Jalandhar, Punjab - I
Jalandhar. There are days, in this bitchy, awful, lonely, lovely city where I now live, called Delhi when I do miss you. I think, ‘how does it feel to have grown up your entire life in one town?’ To have known all your neighbours. To have grown up with your neighbours. To not have to shift schools. To see the town change and call those changes your own. I do miss how growing up in Jalandhar we never had to worry about space. There were streets which didn’t have running cars, there were parks which didn’t have gates, there were familiar faces who smiled back when I smiled at them. I don’t know when did the many patriarchs who inhabit you became everything that I could ever take from you. I don’t know when did those many patriarchs who live in you, love you, hate you, fuck you, get fucked by you, became…….you.
MY patriarch….is a lot like you.
YOU are a lot like my patriarch.
You both are cheaters. You both thrive on pride. You both beat your women. You both tell me to not look you in your eye. You both keep telling me I am a failure at being a man. I hear you are not a town anymore. Empty streets have become showrooms, old houses have become malls, your stoop has become more prominent, your pagdi (turban) has gotten thinner.
I want to love you. Not just because I was born in you, not just because I was brought up by you, but because……I just do! Even when you repeatedly call me a chakka, even when you accuse Delhi of ruining me, even when you tell my parents that I must have gotten fucked by many men from all over Delhi.….I do want to give you a chance. Ok, before you say anything Jalandhar, I know it’s been a while since I met you. Every now and then, you keep saying ‘I love you’ to me. You keep asking me, when will I come back. But I don’t want to come back not just because it will remind me of what I was but it will force me to imagine what I would have become had I not left you. I have been building myself against your masculinity so fiercely that I tried to claim some of my family’s women’s femininity. After being denied that femininity too, I just hovered…in between. My femininity shifted whenever I crossed the streets with my elder sister trying to avert your patriarchs’ eyes. My masculinity roared trying to hide my love for tamarind. My ‘in between’ applauded whenever I slyly looked at my school seniors play basketball, shirtless, in the mornings. My ‘in between’ stood by when you didn’t.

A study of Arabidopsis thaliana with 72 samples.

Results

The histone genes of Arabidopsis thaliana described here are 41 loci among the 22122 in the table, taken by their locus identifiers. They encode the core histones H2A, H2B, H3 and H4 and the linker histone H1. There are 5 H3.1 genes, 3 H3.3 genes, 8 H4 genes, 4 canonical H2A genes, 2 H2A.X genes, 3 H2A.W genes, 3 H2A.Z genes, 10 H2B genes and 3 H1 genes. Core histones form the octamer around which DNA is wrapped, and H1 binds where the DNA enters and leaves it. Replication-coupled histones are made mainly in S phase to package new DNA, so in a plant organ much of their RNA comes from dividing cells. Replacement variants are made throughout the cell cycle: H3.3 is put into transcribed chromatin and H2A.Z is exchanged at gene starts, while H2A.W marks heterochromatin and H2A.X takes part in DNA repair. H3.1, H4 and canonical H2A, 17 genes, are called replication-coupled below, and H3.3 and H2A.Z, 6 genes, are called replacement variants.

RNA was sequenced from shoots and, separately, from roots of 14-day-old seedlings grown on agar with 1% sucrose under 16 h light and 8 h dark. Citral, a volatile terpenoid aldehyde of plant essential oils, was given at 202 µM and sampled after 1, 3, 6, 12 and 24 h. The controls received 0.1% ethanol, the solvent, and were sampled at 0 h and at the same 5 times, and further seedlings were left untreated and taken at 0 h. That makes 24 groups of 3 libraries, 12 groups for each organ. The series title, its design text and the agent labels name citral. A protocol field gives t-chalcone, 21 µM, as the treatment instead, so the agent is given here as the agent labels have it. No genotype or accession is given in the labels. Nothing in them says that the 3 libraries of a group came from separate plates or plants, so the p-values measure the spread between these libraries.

The last time, I was looking at you through a video call, at your changing localities, changing skies, at Lakhbir aunty’s new railings at her house, at Shayar uncle’s famous garden tree, I unexpectedly came face to face with your patriarch. My patriarch. Both, you and me, knew fully well, that this might just be the last time we both look into each other eyes, and after customary small talk, you said, “Akhil puttar….i love you”. I looked at the pixelated you for 2 seconds, smiled faintly, thinking of all the lost opportunities, lost friendships, lost lovers, lost family, and with the urge to cry, scream and laugh at the same time, I just said, “acha papa ko zara waapis phone pakdana”*.
*could you pass the phone back to dad please?